Good Morning from Independence Hall…
Last week, United States Transportation Secretary Pete Buttigieg visited New York City and Syracuse. There was some legislative movement in Washington where the House passed the National Science Foundation for the Future Act and the Department of Energy Science for the Future Act, two possible companion bills to the Senate U.S. Innovation and Competition Act (formerly known as the Endless Frontiers Act) perhaps setting up a Conference Committee to resolve the differences as well as movement on several appropriations bills. The Appropriations bills are important in their own right; they are also essential in that Democrats need to pass all these appropriations bills in order to make the Budget Reconciliation process possible (reminder that even with a bi-partisan $1.2 trillion infrastructure deal, Democrats in the Biden Administration and their Congressional allies intend to pass reconciliation packages between $2 trillion and $6 trillion.)
Governor Cuomo signed a handful of bills including the Opioid Trust Fund bill that creates a fund to be reserved for treatment, recovery and abatement efforts, preventing the money from being placed into the state’s general fund. Cuomo also continued to re-establish his re-election prospects holding a fundraiser where he expected to raise over $1 million (partly from union bosses and corporate CEOs), while only 12 hours later the New York State Assembly Judiciary Committee voted to issue subpoenas to compel testimony in its Impeachment Probe. Although some criticized the timing of that decision, the ranking Republican on the Judiciary Committee, Assemblyman Michael Montesano, a Nassau County Republican and former New York City Police Department detective, said the impeachment probe is following normal investigative paths: collecting documentary evidence and interviewing cooperative witnesses first before bringing in witnesses who are not cooperative: “You do your groundwork first.”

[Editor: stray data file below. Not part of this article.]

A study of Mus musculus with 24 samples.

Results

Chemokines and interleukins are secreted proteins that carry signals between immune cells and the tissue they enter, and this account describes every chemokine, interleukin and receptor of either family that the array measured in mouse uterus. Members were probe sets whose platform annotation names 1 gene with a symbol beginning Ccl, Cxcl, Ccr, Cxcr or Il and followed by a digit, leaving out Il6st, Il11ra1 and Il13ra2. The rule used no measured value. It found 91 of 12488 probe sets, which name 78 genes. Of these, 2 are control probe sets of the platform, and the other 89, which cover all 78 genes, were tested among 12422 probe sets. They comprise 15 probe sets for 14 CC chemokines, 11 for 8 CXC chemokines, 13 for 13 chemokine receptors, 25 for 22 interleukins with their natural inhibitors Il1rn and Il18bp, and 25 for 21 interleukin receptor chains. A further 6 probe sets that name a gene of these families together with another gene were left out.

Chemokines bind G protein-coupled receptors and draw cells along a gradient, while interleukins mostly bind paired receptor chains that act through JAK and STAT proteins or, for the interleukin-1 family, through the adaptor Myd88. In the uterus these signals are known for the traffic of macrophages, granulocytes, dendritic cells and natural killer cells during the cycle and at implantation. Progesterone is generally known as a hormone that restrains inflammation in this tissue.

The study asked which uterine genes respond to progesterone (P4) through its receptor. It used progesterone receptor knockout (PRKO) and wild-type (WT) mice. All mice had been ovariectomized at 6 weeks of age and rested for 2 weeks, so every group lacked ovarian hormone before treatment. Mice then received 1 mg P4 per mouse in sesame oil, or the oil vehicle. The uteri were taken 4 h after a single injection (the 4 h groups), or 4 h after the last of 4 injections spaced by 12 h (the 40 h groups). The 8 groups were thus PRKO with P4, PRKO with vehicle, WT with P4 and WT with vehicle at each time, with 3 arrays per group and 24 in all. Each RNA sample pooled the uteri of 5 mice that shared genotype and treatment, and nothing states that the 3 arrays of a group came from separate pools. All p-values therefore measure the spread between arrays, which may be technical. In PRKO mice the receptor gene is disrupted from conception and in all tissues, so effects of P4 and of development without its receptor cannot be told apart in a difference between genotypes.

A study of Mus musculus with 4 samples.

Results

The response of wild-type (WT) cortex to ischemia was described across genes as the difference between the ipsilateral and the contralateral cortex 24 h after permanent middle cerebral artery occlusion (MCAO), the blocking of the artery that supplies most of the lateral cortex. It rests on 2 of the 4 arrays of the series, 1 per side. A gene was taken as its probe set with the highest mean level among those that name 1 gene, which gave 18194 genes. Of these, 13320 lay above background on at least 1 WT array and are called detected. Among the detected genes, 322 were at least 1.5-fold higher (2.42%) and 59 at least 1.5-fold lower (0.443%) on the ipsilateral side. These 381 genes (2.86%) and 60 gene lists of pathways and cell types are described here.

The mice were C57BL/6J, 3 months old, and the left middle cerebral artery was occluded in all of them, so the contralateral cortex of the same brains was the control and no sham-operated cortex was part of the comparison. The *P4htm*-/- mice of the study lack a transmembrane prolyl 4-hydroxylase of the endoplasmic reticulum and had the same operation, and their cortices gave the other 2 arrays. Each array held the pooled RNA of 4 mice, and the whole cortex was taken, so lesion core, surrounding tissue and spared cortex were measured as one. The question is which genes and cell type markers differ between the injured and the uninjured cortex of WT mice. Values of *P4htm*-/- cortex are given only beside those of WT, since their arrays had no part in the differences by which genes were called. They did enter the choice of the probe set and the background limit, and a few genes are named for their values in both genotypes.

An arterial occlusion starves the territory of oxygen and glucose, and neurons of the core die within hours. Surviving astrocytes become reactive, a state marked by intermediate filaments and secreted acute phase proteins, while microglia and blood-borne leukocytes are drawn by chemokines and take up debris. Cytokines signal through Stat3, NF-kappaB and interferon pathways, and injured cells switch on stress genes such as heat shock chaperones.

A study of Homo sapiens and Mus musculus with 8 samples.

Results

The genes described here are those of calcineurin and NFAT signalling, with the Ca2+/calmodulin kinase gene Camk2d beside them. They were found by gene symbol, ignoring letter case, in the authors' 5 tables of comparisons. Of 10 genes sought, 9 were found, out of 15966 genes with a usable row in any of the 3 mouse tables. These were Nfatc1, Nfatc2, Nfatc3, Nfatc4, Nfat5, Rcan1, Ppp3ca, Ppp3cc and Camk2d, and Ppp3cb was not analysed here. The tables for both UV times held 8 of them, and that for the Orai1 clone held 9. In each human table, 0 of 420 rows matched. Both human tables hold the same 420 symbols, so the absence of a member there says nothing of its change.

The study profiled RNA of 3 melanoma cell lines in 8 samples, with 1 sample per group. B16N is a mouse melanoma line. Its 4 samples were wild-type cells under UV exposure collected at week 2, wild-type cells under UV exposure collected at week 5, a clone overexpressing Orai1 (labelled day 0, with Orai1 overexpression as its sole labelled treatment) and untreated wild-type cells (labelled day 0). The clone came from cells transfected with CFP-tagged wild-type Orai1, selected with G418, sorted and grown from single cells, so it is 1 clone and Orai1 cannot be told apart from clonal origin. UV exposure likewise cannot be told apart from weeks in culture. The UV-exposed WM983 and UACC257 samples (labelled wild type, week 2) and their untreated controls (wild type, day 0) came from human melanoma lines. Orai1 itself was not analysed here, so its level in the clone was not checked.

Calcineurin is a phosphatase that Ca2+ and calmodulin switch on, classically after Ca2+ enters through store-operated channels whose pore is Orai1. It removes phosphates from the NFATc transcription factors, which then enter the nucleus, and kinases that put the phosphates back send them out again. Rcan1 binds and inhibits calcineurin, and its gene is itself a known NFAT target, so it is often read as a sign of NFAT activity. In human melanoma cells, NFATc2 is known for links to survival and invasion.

Politically, the New York City Board of Elections reaffirmed that our election systems in New York are, at best, broken, while announcing that the New York City Mayoral Race had narrowed to less than 15,000 votes separating Brooklyn Borough President Eric Adams from his closest competitor, former NYC Sanitation Chief Kathryn Garcia, with about 125,000 votes left to count. In the state’s second largest city, Mayor Byron Brown announced that he was launching a write in effort dubbed “Write in Byron Brown” after losing the Democratic Primary Election to challenger Indian Walton. My commentary on local media is below.
WATCH here as our Jack O’Donnell provides some insight on Mayor Brown’s write-in campaign with Don Postles of News 4 Buffalo, and Jack talked to WKBW-TV on what went wrong for Brown in the June primary election. Watch here. Jack also predicts more than $2M will be spent in the race for Buffalo mayor over the next 5 months. “Buffalo is going to become ground zero for this ideological battle for the soul of the Democratic Party” Watch more here.
How productive was the Legislative Session in New York?
We take a look at what did, and did not get done in our End of Session Overview.